Hardware: 1918

Hardware: 1918

"J.F. Campbell, Anacostia, decorated with American flags." Circa 1918, another patriotically attired hardware store in Washington's Anacostia neighborhood. Check out the Mad Hatter. National Photo glass negative. View full size.

 

Oooga horns

Notice the "ooga" horn on the truck next to the driver's seat; there is also one just like it in sitting the store display window. I believe these are hand-operated by pulling the T-shaped lever on top. Later models as used in the Ford Model A contained an electric motor to spin the noisemaker. In those days, there were many after-market mods available and Campbell's may have well sold these horns.

TBS!

Turnbuckle stars! Turnbuckle stars! Gotta love them turnbuckle stars!

Bunting

I can't get over the beautiful bunting work. The top row looks like stylized eagles. Somebody put a lot of money and effort into decorating this relatively humble establishment.

Anacostia Hardware

Piecing together a few threads from the Washington Post archive, I think this store was located at 1215 Good Hope Rd. John T. Campbell, owner of a Capitol Hill hardware store, purchased this business from Gray & Son in 1892. John T. died in 1913, apparently passing his business interests to his three sons: J. Frank, Charles A., and John T. Jr. (Jack). More humble children might have renamed the business along the lines of "J.T. Campbell & Sons," but J. Frank was more ambitious than that.

Frank moved the hardware store to 1300 Good Hope Rd in 1927. J. Frank Campbell went on to become the president of Anacostia Bank, dying at the age of 72 in 1943. The store passed on to his son F. Tracy Campbell, who continued to operate it until 1966. The store remained in business under the name "J. Frank Hardware" until at least the 1980s.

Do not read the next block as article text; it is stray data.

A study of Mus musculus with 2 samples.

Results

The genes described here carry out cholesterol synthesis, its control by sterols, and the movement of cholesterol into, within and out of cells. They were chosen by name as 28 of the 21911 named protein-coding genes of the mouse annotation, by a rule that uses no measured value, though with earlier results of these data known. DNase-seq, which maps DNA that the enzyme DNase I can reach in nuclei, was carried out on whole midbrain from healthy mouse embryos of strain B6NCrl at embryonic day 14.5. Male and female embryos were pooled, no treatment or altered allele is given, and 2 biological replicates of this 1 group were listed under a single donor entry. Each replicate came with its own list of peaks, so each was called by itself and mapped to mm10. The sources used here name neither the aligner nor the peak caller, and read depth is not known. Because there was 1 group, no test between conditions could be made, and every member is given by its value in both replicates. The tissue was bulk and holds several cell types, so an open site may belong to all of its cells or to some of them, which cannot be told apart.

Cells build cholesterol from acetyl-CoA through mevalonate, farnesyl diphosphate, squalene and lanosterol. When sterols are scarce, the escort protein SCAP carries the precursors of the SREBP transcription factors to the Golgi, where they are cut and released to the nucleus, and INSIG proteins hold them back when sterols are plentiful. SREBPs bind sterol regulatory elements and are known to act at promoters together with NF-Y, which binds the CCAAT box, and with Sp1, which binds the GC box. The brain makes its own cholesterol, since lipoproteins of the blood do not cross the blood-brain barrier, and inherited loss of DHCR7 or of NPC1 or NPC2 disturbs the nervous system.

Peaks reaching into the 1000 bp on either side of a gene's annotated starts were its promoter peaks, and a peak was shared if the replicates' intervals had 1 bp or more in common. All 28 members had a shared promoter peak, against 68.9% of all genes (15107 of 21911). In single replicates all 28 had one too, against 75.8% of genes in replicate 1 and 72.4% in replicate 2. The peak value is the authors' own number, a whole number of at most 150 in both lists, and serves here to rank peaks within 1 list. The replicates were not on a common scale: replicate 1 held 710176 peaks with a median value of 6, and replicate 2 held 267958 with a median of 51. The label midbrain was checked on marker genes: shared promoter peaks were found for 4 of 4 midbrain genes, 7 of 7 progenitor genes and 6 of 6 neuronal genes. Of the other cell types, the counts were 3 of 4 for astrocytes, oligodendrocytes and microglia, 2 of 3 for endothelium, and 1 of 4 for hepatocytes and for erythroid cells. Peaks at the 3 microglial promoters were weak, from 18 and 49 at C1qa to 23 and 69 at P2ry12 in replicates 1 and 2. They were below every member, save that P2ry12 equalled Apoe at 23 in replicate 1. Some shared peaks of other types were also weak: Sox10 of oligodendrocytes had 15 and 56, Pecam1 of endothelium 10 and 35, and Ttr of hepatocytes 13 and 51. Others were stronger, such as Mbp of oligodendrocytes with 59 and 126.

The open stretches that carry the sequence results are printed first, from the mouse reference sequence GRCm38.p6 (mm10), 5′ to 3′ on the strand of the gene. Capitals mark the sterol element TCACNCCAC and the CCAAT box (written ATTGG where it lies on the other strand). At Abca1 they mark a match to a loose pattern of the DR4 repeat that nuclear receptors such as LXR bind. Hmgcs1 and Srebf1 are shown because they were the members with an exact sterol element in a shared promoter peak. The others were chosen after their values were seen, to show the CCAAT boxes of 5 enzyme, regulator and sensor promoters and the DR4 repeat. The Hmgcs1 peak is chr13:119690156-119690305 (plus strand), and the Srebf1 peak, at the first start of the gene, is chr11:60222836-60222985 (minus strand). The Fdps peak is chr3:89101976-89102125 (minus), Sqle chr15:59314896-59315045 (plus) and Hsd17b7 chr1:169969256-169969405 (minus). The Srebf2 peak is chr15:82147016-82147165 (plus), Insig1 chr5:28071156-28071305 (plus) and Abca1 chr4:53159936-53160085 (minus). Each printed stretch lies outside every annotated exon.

Now, what is really amazing to me is that the original store building is still there, albeit greatly altered. It's now home to the Anacostia Young People Club. The facade has been completely redone but the brick wall along the alley remains. What is most recognizable are the cast iron stars used as anchors for the wrought iron tie rods (straps) through the building. Amazing!

UPDATES: Turnbuckle stars! I figured there was a special name for these doo-hickeys but couldn't come up with it by google search: yet another example of the great depth of knowledge of Shorpy readers.

In regards to the comment on brickwork and the seam with the adjacent building: The Baist Realty Map snippet for Mushake's hardware store also shows this property: the adjacent building appears to be a wooden structure with a brick facade applied to the front.



I'd guess that they're pumps on top of 25 gallon barrels of paraffin - kerosene. I seem to remember something similar in hardware shops on this side of the water many years ago.

Paint With Lead!

"Lewis White Lead" paint sold here! They even had their own Dutch Boy look-alike mascot. Brickwise, the side wall is done in Common Bond and the front is Stretcher bond. I'm curious about those silver handled contraptions inside the doorway. They look to me like the sort of meat grinders that my grandparents had around their house, although its possible that they're coffee grinders - or one-armed bandits. If they were gambling machines (and, of course, they weren't) it would go a long way in explaining why all those fellas were hanging around there and not at their jobs.

Arms and the man

The guy with three arms is what got my attention.

The Back Yard

The sign at the left, as edited by the telephone pole, is selling an interesting variety of seed. The rapid growth of that particular species is one that most of us women prefer to inhibit.